I've noticed that whenever I'm introduced to a new, older woman, asking her age suddenly becomes a sensitive, taboo topic. Even if the person is relatively close to my age, she shies away from the question, as though I'm asking how something strange and uncomfortable like the total number of calories she ate for dinner last night. Culturally, I can understand why. After you've lived for over two decades, it's become an American norm to avoid revealing your age like the plague for every year that follows. But logically, I don't understand. Why? What's the issue? Growing old is a very real, first-world privilege. The statistics speak for themselves, with senior citizens in Monaco living to the average age of 89 whereas in Chad, 50 is the cut-off. So, shouldn't we be grateful for our age and health, rejoicing over the fact we are not yet dead, rather than lamenting over the numbers?

I can empathize with the avoidance to reveal your age at work — you may not be taken seriously by your coworkers or boss. I can understand the rush of pleasure you get when someone thinks you look younger, which translates to beautiful in our heads because appearing "younger" is a flashback to the time you didn't have forehead wrinkles and could eat a bag of chips without gaining six pounds in the span of two days. But I cannot understand why, from one woman to another, you have such difficulty answering the question, "So, how old are you?" at a dinner party. Or a wedding. Or a funeral. Or a casual night out. Why do you immediately rear up and abashedly whisper that age-old excuse, "You can't ask a lady her age!"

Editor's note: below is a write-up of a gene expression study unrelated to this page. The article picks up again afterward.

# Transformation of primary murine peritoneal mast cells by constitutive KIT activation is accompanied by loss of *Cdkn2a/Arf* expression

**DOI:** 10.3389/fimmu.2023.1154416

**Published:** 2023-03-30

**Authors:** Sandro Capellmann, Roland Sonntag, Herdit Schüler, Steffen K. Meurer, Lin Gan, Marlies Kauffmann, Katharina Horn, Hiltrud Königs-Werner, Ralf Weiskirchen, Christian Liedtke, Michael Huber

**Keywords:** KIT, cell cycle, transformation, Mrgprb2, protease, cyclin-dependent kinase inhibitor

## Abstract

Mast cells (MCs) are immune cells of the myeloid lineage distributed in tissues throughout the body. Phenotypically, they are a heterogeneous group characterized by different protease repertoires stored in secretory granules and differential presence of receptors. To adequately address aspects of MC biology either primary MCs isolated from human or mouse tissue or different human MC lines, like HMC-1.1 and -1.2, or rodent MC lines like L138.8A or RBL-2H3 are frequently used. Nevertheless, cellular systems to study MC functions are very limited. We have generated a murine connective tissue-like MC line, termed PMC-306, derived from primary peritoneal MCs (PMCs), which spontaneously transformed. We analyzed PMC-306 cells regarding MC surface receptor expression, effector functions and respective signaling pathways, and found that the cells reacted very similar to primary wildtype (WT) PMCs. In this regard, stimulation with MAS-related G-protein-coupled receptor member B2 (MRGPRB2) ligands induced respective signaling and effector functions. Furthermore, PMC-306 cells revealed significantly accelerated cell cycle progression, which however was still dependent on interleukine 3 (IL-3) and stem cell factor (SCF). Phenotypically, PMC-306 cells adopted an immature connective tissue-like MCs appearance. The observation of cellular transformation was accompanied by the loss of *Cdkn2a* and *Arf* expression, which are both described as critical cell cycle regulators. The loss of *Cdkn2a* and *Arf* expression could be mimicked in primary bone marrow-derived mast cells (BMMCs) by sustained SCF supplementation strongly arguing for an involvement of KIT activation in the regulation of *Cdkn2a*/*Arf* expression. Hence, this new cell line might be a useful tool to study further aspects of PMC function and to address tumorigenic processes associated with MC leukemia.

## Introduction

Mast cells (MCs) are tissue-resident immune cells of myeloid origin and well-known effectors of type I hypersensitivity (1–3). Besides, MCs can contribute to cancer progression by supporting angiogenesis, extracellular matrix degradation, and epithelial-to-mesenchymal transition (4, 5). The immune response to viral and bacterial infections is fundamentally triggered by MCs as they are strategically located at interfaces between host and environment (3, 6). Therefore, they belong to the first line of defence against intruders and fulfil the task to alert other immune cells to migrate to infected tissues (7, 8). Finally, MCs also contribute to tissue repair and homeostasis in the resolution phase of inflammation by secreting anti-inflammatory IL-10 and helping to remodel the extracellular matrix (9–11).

Doesn't it feel pathetic to stigmatize your own age? Don't you feel boxed in when you clam up about a mere number?

Seriously, no one cares about characterizing you as "old." We just want to have a reference point of how long you have lived, what decades you grew up through, what generational issues you may have experienced and can relate to. I ask your age because with it, I can make an educated guess about when you were a junior in high school, when you finally hit 21, when you must have taken that trip to Paris you mentioned a while back or when you plan to backpack through Kenya in the future. With your age, I can make a quick, vague timeline comparison between our lives — my years parallel to yours, allowing me to create a better connection through greater understanding of the years you own. I could care less about how your age correlates to the number of eggs you carry. The reason I ask is to have a better understanding of mind.

So, yes, your age matters. But not in the superficial way you think it to be, like a shameful secret you hold close or a netted weight dragging you down.

Your age is accrued time, rich in abstract history and wisdom.

Your age is graced through Allah's (swt) goodwill, and each year is meant to serve a purpose.

Your age is eudaimonia human flourishing.

Stop hiding your age. Be gratefully proud, and hold yourself to its standards to truly own up to the years you have laughed, loved and lived. And let us pray that if it better for us, may Allah (swt) allow us to live another.